Everything you need to know about debt recycling
For decades now we’ve been told repeatedly about the importance of recycling. But how much do you know about the kind of recycling that leaves you better off financially? And no, we’re not talking about collecting a bunch of bottles and cans and exchanging them for 10 cents a pop.
We’re talking about debt recycling. More specifically, taking bad debt and recycling it so that it turns into good debt. Here’s what you need to know.
Telling the good from the bad
The obvious examples of bad debt are car loans, personal loans and credit card debts. These charge disproportionately high interest rates and are either attached to an asset that loses value at lightning speed (car) or something designed to put you into more and more debt by buying things before you can afford them (credit card).
Good debt on the other hand is anything that is tax deductible and also a vehicle for growing your wealth. Investment properties are the obvious example as you can deduct interest paid on the loan, and the property grows in value over time, while producing a solid income.
Not all forms of bad debt can be recycled into good debt. Today we will focus on the mortgage you may have on the family home. A lot of people will tell you this is actually good debt… and compared to credit cards, it is. Interest rates are low and the home will grow in value over the years, hopefully helping to set you up for a comfortable retirement.
But a savvier investor would class it as bad debt because the interest is not tax deductible and it may not work as hard as other assets to grow your wealth. Recycling your mortgage debt is a strategy to minimise your tax obligations and maximise tax benefits. So how do you turn the bad into the good?
Let’s get recycling
Debt recycling involves using the equity in your family home to purchase an income-producing investment asset. You use the income that the new asset produces to pay down the debt on your family home mortgage, while leaving the tax deductible investment loan as is.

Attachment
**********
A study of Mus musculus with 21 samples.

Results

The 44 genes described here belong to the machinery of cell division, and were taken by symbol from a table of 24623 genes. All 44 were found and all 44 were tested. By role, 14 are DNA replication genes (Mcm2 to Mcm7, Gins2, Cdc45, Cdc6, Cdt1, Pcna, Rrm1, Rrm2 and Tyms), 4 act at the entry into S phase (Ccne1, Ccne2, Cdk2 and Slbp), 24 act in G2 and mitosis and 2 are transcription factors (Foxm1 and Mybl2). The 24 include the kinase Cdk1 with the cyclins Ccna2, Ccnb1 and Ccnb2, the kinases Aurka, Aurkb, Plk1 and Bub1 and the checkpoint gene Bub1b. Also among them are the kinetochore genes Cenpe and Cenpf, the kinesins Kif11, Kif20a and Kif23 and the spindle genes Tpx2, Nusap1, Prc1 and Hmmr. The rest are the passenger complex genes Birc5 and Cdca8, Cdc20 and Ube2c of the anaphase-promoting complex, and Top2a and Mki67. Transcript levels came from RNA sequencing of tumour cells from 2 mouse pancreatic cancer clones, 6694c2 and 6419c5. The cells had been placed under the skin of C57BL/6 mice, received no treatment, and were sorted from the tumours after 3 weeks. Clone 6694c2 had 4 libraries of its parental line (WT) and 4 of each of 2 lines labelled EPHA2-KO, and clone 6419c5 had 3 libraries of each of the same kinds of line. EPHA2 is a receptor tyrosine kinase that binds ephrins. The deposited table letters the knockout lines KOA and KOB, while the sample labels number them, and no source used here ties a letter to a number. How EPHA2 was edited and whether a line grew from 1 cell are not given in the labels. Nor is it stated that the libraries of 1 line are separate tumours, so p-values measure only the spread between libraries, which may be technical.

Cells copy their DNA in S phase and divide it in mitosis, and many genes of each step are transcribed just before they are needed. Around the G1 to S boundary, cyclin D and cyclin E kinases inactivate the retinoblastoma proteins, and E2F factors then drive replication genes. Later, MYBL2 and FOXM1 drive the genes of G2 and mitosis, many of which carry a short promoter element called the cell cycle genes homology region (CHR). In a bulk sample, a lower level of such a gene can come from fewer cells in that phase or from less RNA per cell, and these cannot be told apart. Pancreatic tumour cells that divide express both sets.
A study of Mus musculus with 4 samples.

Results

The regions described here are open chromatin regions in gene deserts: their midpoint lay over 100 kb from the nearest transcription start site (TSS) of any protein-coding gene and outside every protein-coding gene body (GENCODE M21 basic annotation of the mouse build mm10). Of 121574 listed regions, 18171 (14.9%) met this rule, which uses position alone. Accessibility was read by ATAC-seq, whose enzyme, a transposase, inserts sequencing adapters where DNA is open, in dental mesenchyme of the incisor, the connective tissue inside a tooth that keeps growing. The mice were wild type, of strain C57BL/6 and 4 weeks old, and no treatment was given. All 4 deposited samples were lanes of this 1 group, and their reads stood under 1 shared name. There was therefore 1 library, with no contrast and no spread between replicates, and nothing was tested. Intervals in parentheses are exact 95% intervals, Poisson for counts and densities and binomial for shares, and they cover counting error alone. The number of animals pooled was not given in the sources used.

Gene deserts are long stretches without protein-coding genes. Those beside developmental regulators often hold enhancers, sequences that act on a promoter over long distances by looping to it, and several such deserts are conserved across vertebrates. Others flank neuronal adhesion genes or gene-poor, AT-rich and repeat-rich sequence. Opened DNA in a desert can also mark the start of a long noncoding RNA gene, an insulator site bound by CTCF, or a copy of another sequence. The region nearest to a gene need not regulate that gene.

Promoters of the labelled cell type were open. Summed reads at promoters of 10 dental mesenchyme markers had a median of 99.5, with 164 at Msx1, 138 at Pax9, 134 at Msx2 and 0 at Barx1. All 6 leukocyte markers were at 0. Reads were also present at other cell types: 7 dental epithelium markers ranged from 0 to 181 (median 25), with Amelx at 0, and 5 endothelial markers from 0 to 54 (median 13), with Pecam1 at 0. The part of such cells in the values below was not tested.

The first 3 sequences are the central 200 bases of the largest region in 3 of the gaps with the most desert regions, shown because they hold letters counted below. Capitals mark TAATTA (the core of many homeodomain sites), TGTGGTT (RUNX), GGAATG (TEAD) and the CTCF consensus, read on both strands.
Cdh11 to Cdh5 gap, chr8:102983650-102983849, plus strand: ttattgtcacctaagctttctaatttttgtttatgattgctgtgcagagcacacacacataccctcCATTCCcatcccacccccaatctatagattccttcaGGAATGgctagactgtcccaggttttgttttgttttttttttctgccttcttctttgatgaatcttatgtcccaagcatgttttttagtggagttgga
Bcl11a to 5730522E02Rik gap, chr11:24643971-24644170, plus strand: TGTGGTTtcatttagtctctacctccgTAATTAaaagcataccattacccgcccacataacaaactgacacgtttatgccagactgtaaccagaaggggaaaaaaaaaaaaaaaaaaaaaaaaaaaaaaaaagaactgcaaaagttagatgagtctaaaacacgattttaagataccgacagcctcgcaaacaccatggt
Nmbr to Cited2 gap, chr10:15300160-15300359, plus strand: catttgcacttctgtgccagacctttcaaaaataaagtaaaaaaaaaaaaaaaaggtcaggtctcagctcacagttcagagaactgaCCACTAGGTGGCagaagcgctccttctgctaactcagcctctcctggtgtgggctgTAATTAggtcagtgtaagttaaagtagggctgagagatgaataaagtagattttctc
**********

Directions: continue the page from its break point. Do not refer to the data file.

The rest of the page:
At that basic level, you’ve taken an asset with interest repayments that aren’t tax deductible and replaced that with two assets, while making the same repayments on your home and being able to deduct the interest payments on the investment property.
Why do it?
Back in the day, Aussies would slog it out to pay down the family home first, before then thinking about using their income to the start purchasing investment properties. But by waiting all that time, you have missed out on buying investment properties when they are cheaper and then holding them through multiple growth cycles. The earlier you start building your investment property portfolio, the greater the benefit from compound interest. The two assets mean you experience capital growth on both and therefore could double your return when times are good and the market is on the way up.
So what’s the catch?
Twice the gain in good times, also means twice the pain if the market has a correction phase.
This will hurt if you have a short term investment strategy and can’t wait for the property market to recover and grow again. Ideally you will be leveraging equity and using time in the property market to maximise the benefits. The long game is best for debt recycling.
The other major issue is that you are placing risk on your family home, which most people rely on for their livelihood and sense of security. Jeopardising that could wreak havoc on relationships, family life and your mental health if you haven’t thought it through correctly.
You need a well-informed strategy in place, plus a decent income and job security, so you can service both loans and protect your home and family.
This article may give you an overview of the concept of debt recycling, but no two individuals are the same. Before going all in with the family home, seek independent financial advice and surround yourself with the right professionals to help make your journey a smooth one. And if you need help getting started, reach out to b Invested. We can help point you in the right direction.